Microsoft will not invest in any of the start-ups it mentors at its accelerator programme, although it may consider picking up stake in some of those companies at a later stage.
Microsoft Ventures, the corporate venture funding and entrepreneurship development arm of Microsoft, has mentored 63 technology start-ups in five batches in the last two years in India. “It does not add a lot of value for Microsoft to invest in a lot of start-ups. We want most of them partnering with us,” said Tzahi Weisfeld, head of global accelerator programme at Microsoft Ventures.
Meanwhile, Microsoft looks to expand its start-up nurturing initiative by partnering with other corporations and organisations. In September, Microsoft Ventures partnered with Reliance Industries’ venture investment-arm GenNext for a pan-India collaboration to jointly mentor startups. The first such innovation hub came up in Navi Mumbai in October. Microsoft Ventures and Deshpande Foundation entered into a similar tie-up to nurture small companies in tier-2 and tier-3 cities, with the first one in Hubli, Karnataka.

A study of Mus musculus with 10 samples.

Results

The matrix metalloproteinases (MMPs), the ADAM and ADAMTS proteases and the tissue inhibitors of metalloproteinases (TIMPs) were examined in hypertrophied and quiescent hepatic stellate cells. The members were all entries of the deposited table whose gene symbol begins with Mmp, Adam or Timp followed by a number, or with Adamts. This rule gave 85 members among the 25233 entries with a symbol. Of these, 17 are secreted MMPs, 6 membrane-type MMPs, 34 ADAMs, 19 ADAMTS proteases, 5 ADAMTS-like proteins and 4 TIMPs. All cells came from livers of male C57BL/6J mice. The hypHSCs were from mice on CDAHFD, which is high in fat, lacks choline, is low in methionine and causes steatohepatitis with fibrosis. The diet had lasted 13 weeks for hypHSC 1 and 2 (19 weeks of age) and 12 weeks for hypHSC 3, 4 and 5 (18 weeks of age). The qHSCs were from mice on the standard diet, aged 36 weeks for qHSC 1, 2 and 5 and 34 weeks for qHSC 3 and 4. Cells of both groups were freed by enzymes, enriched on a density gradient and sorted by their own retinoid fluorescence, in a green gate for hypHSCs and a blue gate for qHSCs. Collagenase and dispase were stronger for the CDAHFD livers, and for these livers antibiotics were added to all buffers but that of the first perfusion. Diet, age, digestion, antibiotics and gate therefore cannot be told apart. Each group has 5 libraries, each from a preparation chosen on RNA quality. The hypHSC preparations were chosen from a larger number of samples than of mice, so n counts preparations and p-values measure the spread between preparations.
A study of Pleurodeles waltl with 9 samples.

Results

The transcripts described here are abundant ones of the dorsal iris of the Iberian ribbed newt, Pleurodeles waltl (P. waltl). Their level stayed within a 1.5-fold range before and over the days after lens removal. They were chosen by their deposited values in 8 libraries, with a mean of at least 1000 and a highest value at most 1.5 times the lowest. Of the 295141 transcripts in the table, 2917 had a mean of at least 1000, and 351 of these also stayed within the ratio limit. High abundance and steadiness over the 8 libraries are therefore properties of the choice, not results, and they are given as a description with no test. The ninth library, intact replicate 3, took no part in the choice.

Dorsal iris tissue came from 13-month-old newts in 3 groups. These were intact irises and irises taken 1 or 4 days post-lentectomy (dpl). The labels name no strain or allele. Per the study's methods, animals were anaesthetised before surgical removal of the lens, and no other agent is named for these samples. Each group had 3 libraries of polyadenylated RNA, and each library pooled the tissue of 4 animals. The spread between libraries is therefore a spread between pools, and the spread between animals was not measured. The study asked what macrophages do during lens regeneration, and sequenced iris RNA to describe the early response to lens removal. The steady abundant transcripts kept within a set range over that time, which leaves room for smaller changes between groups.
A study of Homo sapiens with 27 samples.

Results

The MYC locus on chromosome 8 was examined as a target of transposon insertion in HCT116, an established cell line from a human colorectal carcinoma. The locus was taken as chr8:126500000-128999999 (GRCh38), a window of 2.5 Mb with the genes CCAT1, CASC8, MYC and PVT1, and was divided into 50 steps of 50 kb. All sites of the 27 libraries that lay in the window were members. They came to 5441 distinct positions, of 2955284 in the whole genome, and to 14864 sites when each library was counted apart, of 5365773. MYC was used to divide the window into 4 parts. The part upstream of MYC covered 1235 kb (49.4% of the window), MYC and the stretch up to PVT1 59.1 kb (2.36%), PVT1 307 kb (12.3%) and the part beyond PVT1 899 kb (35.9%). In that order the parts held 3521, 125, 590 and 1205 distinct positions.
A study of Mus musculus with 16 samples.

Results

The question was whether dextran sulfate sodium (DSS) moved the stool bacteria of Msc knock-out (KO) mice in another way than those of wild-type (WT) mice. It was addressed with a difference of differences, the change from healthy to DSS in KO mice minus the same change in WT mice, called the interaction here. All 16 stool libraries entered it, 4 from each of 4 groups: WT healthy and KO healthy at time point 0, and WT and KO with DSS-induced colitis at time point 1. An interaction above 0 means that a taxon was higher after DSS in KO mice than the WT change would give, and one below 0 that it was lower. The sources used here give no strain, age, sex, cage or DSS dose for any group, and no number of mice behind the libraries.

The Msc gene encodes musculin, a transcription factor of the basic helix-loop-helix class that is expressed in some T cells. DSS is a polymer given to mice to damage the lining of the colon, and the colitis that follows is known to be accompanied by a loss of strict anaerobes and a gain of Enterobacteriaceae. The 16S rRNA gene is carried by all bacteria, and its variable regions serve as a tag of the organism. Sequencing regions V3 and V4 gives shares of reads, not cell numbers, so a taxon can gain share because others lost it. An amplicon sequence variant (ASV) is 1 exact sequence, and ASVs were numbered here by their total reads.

On increasing such collaborations he said, “We will have to see. Many others also want to partner with us. These are very early days. We will learn from the outcomes”.
Commenting on the start-ups in India, Weisfeld said: “While India has a way to go before it caches up with either Silicon Valley or Israel on the start-up ladder, I can see a lot of positive changes. Innovative startups backed by experienced and new founders are emerging in new technology areas”.